Monday, January 16, 2012
Now it feels like work
A case of the blahs
I probably shouldn't admit this, but here goes: Sometimes I don't really want to bird. Sometimes I'm kinda tired and would really rather stay home reading or even watching scary movies or Buffy the Vampire Slayer. This never happens during spring migration, of course. And when it does happen, often, if I make myself go out anyway, I am soon so lost in the "birding zone" that I completely forget I was tired. Sometimes I stay home and then kick myself for the rest of the week while I am trapped inside until sunset (the worst thing about winter is that it's dark by the time I get home) because a day or two later, I'm dying to get outside, and I'm stuck at work. And sometimes I go out when I'm feeling blah, and the outing is blah, and that's all there is to it.
Not that I felt completely blah about going out this morning. I did want to see if any new waterbirds were congregating around Mascoutin, now that the weather has been cold several days. Warm water from the power plant keeps that area of the lake free of ice, and in years past other birders have seen smorgasbords of ducks, geese, gulls, all kinds of exciting stuff. In fact, as late fall became winter and I'd drive past all the Clinton Lake "hotspots," seeing nothing besides flocks of ring-billed gulls bobbing atop the otherwise unoccupied water, I'd tell myself, "Just wait until we get some ice.... Then who knows what I'll see here!"
As I drove along the country roads, the flat and unvarying expanse of the fields made me kind of sleepy. The thought of embarking on a long hike wasn't too appealing. I thought, If I could go back in time to when I was 16 or 20 and tell myself that someday I'd live in central Illinois and my main interest in life would be birding, I'd never believe it. If I also told myself that sorry, in twenty years' time I wouldn't be a rich, famous writer, either, I'd probably wonder if the intervening decades would even be worth slogging through. And yet, I'm not altogether dissatisfied with the way it turned out. I love birding. I have even developed a sense of affection for the flatlands. It would be nice to be a rich, famous writer, however. Oh well.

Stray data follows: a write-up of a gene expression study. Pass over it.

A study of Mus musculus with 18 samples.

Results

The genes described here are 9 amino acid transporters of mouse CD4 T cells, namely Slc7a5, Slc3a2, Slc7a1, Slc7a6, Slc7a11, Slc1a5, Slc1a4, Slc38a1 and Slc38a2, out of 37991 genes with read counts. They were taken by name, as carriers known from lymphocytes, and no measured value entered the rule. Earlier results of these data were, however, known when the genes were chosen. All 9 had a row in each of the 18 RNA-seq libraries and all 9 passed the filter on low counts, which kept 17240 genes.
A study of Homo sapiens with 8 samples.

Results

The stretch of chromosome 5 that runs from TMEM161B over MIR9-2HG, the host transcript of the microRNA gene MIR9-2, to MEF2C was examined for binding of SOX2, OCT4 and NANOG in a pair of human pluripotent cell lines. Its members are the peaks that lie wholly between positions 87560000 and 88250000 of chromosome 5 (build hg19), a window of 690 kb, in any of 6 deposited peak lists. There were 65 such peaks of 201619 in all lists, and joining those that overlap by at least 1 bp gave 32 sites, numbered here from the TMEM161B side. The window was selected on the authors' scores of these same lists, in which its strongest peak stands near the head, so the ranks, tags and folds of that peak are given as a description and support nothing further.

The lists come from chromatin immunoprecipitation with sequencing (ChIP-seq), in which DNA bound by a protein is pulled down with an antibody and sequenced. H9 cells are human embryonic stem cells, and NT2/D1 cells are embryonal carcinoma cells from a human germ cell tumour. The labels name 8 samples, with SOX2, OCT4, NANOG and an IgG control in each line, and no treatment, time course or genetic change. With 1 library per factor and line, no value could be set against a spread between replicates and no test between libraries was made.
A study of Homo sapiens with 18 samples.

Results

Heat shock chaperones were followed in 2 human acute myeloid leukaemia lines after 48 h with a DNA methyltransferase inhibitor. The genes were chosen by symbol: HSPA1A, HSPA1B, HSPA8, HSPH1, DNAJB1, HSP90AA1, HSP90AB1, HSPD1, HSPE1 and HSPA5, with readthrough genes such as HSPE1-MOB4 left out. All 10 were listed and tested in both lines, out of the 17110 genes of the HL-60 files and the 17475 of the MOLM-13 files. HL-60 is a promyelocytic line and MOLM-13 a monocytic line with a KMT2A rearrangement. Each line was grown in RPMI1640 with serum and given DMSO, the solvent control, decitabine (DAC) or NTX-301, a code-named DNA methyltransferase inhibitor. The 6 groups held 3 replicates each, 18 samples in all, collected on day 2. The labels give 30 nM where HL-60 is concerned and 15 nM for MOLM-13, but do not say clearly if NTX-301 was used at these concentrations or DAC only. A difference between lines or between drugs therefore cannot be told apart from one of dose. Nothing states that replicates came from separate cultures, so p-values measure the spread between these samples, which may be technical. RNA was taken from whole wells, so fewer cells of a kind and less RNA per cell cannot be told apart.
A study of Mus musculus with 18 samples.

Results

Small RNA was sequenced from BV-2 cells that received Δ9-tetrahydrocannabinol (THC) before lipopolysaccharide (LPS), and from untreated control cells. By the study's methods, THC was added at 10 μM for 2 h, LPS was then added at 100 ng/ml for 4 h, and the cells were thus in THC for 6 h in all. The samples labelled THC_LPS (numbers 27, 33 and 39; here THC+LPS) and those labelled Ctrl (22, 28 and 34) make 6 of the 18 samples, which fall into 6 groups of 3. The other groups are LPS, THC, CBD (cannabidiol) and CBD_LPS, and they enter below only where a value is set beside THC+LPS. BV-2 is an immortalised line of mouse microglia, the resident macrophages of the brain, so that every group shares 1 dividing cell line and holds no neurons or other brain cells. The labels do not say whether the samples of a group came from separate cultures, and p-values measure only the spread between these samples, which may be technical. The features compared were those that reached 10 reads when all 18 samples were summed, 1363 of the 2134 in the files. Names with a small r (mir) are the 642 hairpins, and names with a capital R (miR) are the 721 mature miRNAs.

Luckily, before I could get too sleepy or introspective, I had arrived at Mascoutin.
Birds in the mist
I could see tendrils of fog rising from the water from several "blocks" away. This very localized weather pattern is caused by the fact that the water temperature is much warmer than normal due to the presence of the Exelon nuclear power plant (and no, I don't object to nuclear energy, as long as the reactors are kept up to the most stringent safety codes -- I actually find the power plant less offensive than the endless crops of wind farms sprouting up across the state. In fact, even a disaster such as what happened at Chernobyl is probably less damaging to the environment in the long run than, say, mountaintop-removal mining, as the very engaging book Wormwood Forest: A Natural History of Chernobyl by Mary Mycio describes).
I parked and walked along the causeway for a while, seeing pied-billed grebes, Canada geese, a pair of mallards, a bazillion ring-billed gulls, and some coots skulking against the shoreline.
"I am not skulking."
Don't laugh, it's a year bird:
When the highlight of your birding trip is a brown-headed cowbird, it might just be time to go home...which I did, after a brief stop at the prairie at Weldon Springs, which will be the topic of tomorrow's post.